21 September 2018

To a first time chicken keeper, the thought of keeping your flock safe and healthy can seem daunting. However, experienced flock owners will tell you that, once you understand the basics, chickens will largely take care of themselves. Experience has taught that there are five key things that backyard chickens need to be healthy.

Words Claire Woods

The first stage to raising healthy chickens is deciding why you want chickens. Some people start a small flock of chickens purely for the eggs, others for meat and some choose to keep them as therapy chickens. It’s important to answer this question first because this will ensure the selection of a suitable breed which will meet your expectations and needs, since there wouldn’t be much sense in choosing a broiler breed of chicken only to be disappointed when it doesn’t lay enough eggs for you. Deciding why you want chickens at the start will also allow you to properly set up your backyard for the appropriate number and types of chickens.

Next up is water. In my experience the single most important thing needed to keep your backyard chickens healthy is fresh and clean water. This doesn’t need to be fancy; you can use a simple drinker. The key here is making sure each day the water is changed so it is fresh. Also during winter you need to ensure the water doesn’t freeze over. If you leave your chickens without water for any period of time it can significantly impact their egg laying and throw them off for a week or two.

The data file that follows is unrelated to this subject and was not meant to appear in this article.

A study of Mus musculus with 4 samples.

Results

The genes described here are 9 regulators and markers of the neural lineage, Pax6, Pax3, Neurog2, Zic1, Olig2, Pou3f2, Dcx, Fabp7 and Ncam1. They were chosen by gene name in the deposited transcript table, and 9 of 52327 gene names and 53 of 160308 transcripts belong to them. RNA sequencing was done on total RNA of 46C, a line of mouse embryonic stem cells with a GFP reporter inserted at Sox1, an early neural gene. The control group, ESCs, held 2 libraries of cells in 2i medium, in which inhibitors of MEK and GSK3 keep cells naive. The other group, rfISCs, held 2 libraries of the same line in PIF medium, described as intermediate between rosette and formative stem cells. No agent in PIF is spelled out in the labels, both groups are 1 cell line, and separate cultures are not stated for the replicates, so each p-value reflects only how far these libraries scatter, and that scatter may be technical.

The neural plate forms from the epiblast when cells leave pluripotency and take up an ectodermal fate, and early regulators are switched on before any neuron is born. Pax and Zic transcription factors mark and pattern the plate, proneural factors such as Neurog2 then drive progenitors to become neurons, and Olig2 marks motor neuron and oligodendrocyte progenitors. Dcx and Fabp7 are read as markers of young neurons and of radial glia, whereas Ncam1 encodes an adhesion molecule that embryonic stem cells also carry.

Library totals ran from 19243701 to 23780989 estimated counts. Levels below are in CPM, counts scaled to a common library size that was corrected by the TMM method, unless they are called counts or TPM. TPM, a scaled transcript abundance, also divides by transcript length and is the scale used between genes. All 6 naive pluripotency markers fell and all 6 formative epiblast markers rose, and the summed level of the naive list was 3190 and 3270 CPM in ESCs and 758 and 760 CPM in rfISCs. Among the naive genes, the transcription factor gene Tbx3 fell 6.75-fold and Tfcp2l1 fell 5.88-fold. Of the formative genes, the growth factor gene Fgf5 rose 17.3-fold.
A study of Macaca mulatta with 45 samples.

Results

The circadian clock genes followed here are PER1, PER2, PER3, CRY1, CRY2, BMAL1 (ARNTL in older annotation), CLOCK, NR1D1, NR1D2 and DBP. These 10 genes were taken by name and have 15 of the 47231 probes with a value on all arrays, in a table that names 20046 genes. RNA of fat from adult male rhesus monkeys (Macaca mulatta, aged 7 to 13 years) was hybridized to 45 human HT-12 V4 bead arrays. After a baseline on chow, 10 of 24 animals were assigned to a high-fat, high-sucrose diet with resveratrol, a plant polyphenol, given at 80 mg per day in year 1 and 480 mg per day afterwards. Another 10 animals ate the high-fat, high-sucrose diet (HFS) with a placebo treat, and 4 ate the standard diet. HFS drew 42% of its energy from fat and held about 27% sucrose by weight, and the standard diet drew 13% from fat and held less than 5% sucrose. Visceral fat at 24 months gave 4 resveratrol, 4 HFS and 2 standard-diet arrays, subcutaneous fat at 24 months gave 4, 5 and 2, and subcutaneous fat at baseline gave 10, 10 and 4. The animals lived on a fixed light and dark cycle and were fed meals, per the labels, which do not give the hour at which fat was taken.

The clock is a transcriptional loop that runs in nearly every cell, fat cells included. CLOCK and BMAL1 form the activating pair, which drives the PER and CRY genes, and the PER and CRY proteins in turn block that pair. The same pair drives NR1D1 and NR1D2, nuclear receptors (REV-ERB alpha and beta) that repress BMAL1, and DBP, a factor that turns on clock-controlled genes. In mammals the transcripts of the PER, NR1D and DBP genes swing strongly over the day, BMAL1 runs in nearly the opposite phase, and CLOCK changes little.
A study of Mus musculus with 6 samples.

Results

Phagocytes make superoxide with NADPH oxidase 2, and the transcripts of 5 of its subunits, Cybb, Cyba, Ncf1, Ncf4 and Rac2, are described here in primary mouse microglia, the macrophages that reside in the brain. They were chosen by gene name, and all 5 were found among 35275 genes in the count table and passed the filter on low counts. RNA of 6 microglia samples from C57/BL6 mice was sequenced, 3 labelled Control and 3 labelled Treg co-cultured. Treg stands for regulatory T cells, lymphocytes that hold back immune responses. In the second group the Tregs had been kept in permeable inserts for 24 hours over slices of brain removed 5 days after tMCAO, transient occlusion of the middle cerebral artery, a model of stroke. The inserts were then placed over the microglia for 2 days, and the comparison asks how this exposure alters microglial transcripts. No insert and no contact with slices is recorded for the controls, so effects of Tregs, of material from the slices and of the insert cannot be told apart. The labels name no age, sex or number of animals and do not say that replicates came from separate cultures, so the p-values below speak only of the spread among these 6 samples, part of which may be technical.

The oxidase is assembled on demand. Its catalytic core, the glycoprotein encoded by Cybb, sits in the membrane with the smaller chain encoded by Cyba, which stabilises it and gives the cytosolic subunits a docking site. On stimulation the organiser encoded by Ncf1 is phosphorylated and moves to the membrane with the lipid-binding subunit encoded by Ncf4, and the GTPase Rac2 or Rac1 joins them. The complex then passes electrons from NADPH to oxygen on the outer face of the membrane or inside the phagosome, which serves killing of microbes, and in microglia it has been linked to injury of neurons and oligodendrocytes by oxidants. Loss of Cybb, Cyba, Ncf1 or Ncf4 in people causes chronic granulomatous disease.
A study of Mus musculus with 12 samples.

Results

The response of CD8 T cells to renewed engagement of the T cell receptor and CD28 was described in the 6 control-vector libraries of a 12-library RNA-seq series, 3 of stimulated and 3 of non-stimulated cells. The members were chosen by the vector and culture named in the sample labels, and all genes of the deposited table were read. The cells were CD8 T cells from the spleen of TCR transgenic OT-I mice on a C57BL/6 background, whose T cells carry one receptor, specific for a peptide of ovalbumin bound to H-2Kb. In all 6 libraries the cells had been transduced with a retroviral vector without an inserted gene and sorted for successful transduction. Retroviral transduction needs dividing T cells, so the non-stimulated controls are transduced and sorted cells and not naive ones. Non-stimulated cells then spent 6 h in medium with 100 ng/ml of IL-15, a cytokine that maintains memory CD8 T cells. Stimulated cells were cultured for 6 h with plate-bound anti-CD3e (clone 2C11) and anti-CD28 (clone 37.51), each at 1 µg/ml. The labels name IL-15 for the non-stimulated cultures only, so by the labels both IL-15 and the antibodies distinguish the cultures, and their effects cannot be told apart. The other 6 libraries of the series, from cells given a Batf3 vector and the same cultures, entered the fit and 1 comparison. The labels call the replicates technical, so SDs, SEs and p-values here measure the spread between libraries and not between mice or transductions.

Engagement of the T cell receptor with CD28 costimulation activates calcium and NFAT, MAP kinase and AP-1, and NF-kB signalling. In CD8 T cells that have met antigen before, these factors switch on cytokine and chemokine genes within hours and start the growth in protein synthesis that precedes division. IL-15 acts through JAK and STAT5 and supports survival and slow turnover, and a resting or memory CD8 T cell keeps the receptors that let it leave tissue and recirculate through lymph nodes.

Behind water is food. Fortunately in today’s age this doesn’t need to be complicated. You can use a high quality layers pellet; this should make up the core of their diet. You can give them the occasional treats from time to time (e.g. broccoli, apples and oatmeal etc…) but the pellet should make up the bulk of their diet. The pellets contain all the key macro nutrients, vitamins and minerals a hen needs to be healthy and lay eggs.

Next up on my list of fundamentals to raising healthy backyard chickens is shelter. For the backyard flock a small coop will suffice. You need to make sure your coop is dry, insulated and provides some form of ventilation. Chickens aren’t fussy they don’t expect a palace so if you’re building your own coop it doesn’t matter if it isn’t the most intricate of homes. They won’t even complain if the walls aren’t straight

The final step to raising healthy chickens I’d like to share with you is cleanliness. The exact cleanliness routine you need to follow will vary depending on your individual coop/run setup and the number of birds you have in your flock. However for a typical setup and flock of 12 birds a quick daily clean-up and more spirited weekly clean-up will be perfect.

Your daily clean-up can be as simple as removing the poop from the coop and nesting box areas. Then on your more in depth weekend clean-up you can remove the bedding and place fresh bedding. Failure to do this is one of the biggest reasons why chickens get ill. Remember prevention is much easier than finding a cure.